Unicorns face tough road to Wall St

With a pileup of tech companies in the private funding market and public deals losing value, what will become of all the unicorns?

Unicorn sightings have been rare on Wall Street even as their population has swelled in Silicon Valley.

Private tech companies with valuations of at least $1bn have grown from 14 at the start of 2012 to 147 now. Including the new breed of tech disrupters such as car-hailing app Uber, as well as Airbnb and Snapchat, the herd’s total valuation now tops $550bn, according to new data from Triton Research.

The number of unicorns has grown from 14 to 147 in 4 years

Source: Triton Research

“Promising growth companies that don’t go public attract capital from private sources in larger amounts and at growing valuations, making an eventual IPO or trade sale more challenging, and necessitating additional private capital – in larger amounts and at growing valuations,” said Rett Wallace, co-founder at Triton.

The explosive growth comes as mutual funds like Fidelity and T Rowe Price, which traditionally buy into public deals, have joined venture capitalists and other investors in the early stage funding of startups in the hope of high returns.

Has this growth in private valuations been mirrored in those tech companies that have gone public?

Interactive: Are you smarter than an IPO investor?

What has happened to the market value of tech startups after recent IPOs?

Click and drag the circles to adjust the line to represent what you think are the average first trade value, peak value and current market value of tech companies after IPO given the average IPO price of $44 for 51 companies.

Tech startups with recent IPOs had, on average, an IPO value of $44, first trade value of $61, peak in value of $74 at 4 months and current value of $29.

Note: Values are rebased to $1 and weighted by market capitalization. Current values as of June 1, 2016.
Source: Triton Research

In aggregate, for tech startups that listed from 2013 to 2015 valuations have shrunk by more than a third from the IPO and about half from the first trade or coveted first day “pop,” Triton found.

By contrast, soaring valuations in private fundraisings, and companies staying private longer than they have in the past, is sharpening concern about the potential returns these unicorns might offer to pre and post-IPO investors if they do go public. Some funds have already been writing down the value of their private deals.

“Even though the indexed average is painful, what the data show is a huge dispersion of tech IPO outcomes – some are down by 90 per cent, some are up a double or more,” Mr Wallace said. “For investors at every stage, before and after the IPO, having an ability to choose the good ones from the bad in a more rigorous way appears from the math to be critical.”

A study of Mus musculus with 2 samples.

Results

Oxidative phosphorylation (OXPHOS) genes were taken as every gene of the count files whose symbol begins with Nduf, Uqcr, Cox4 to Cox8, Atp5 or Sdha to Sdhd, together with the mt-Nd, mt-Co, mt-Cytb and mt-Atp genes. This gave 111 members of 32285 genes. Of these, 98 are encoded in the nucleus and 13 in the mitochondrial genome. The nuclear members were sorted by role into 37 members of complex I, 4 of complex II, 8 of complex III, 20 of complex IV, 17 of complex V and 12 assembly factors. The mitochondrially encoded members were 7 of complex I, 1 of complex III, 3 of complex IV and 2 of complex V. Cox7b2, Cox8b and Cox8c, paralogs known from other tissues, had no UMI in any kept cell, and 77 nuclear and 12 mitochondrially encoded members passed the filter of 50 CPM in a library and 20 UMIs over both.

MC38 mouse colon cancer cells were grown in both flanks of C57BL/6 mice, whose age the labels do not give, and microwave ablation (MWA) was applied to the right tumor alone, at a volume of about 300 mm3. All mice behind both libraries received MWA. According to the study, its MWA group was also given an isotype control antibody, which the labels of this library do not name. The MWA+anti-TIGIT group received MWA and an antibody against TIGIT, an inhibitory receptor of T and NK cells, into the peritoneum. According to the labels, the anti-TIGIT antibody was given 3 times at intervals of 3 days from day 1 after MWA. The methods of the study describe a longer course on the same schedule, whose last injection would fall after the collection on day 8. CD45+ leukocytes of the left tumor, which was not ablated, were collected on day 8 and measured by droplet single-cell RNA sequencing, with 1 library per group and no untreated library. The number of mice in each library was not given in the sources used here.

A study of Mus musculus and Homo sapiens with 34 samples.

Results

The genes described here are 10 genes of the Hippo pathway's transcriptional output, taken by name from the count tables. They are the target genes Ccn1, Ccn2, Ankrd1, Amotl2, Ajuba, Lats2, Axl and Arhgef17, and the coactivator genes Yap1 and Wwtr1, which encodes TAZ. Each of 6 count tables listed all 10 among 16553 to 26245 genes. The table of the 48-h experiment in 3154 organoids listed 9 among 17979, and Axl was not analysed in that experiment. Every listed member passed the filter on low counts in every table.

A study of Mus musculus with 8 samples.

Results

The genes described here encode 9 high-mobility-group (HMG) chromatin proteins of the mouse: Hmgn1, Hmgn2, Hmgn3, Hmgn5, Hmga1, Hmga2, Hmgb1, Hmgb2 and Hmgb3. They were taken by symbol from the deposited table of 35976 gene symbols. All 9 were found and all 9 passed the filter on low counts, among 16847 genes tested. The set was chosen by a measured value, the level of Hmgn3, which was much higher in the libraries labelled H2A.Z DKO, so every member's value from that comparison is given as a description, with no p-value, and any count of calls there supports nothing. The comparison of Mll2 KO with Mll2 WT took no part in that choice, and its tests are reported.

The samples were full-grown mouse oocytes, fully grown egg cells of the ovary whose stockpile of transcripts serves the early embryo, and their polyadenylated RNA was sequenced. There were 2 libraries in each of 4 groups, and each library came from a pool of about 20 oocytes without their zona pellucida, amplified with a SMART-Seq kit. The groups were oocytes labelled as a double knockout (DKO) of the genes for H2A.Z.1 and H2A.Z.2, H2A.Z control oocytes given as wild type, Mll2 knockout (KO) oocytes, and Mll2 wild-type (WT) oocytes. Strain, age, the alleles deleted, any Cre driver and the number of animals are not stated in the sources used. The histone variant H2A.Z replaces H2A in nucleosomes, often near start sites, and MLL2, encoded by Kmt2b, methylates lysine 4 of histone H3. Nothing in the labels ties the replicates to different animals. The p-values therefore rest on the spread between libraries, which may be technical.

Explore the data

IPO exits don't always go as planned. Some companies — like Weibo (up 57.9 per cent) and 58.com (up 206.5 per cent) have soared; but others like Rocket Fuel (down 91.5 per cent) and Twitter (down 42.2 per cent) have lost significant value after going public.

Hover over or tap the lines to explore the market value of 52 tech companies that went public between 2013 and 2015.

Note: Values are rebased from IPO price to $100.
Source: Triton Research

The divergence in fortunes of the public and private financing markets in the technology sector is self-reinforcing.

With companies finding juicier sources of funding privately and investors losing money in some high-profile IPOs, public issuance has dried up. But the slowdown in public issuance is coming just as valuations in the private market are starting to ease.

“Private market valuations have come down dramatically in the past year leaving many companies facing the reality of an IPO below prior private round valuations,” said Matthew Walsh, a tech banker at Bank of America Merrill Lynch.

Unicorns have other options besides an IPO. Some will also be sold to other companies - though high valuations don’t help here either - or develop enough to stand alone. And some will die.

A unicorn listing this week is being widely watched for clues as to whether the US IPO market is improving. Twilio, which enables voice and text functions in apps for customers including Uber and WhatsApp, is expected to start trading on Thursday.

US tech IPOs dry up

Note: 2016 data is year to date.
Source: Dealogic

It will be the first Silicon Valley unicorn to list since Square , the payments company led by Jack Dorsey, priced below its private valuation last fall. Pure Storage, another unicorn that listed last year, is down about 40 percent.

“The reception of [Twilio’s] offering will send a message to other tech unicorns that have been called out for sky-high valuations,” said Matthew Kennedy, an analyst at Renaissance Capital.